Authors Misbehaving in Public

This way lies madness...

This way lies madness...

I found this slightly disturbing anecdote about an innocent reader getting accosted by Ayn Rand’s best friend the other day.  I’ve never interrupted someone I’ve seen reading one of my books and asked them how they were getting on with it (and I don’t suppose any of my friends have either), but the story did remind me of when I lived in London and would prowl bookstores, surreptitiously rearranging the displays so that my novels were sitting in prime position at the front of all the tables.  (Of course, by the next time I went back they had always migrated back to their proper place, so I had to start all over again.)  Having sabotaged the shop’s carefully-thought out display, I would then wait for someone to pick up a copy.

And they did, you know.  Oh yes, they picked ’em up.  I would watch as they read the blurb on the back, examined the cover, opened a random page – and then put the thing back down again and move on.

Gut.  Punch.

I stopped doing that after a while.

My only actual interaction with a potential reader (apart from at readings) happened very early on.  Christina and I were in a bookshop and I just happened to be standing near a display of my first novel when a lady took a copy off the shelf.  I edged towards her and said, my throat dry with terror, “That’s terribly funny.  You’ll really enjoy it.”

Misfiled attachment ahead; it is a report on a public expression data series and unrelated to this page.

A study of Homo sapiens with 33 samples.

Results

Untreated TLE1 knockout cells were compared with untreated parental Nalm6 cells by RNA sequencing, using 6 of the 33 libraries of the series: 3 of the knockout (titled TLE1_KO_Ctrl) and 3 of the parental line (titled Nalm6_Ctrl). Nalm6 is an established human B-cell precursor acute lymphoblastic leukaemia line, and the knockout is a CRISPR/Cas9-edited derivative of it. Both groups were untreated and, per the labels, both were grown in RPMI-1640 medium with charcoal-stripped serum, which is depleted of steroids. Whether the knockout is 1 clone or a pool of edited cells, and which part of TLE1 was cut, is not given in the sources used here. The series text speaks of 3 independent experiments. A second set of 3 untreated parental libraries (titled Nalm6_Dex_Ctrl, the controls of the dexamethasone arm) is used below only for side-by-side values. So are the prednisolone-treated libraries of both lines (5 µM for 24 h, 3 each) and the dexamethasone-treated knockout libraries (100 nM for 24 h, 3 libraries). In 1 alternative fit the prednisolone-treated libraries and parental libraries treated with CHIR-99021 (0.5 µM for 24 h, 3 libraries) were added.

She looked at me strangely.  “You’re the second person to tell me that,” she said.

“Really?” I said, brightening.  This was excellent news.  Word was getting out!

She said exactly the same thing,” said the woman.  She pointed at my wife, who by then had her nose in something else.  “Do you know her?”

I nodded dumbly.  “Hmm,” said the woman, and put the book back on the shelf.

So I stopped doing that, too.

Comments 3

  1. Pingback: Twitted by AlexGeorge

  2. Ha! I had a similar encounter with Josh Oxenhandler at a chamber of commerce hullabaloo. First I mistook him for someone else, which was awkard for both of us. When I realized I knew who he actually was, and told him I loved the ad he ran in True/False program. Of course, I instantly confessed that I was the person who designed it. Then I scurried away.

  3. Hilarious. I couldn’t do either of those things. I’m way too much of a coward.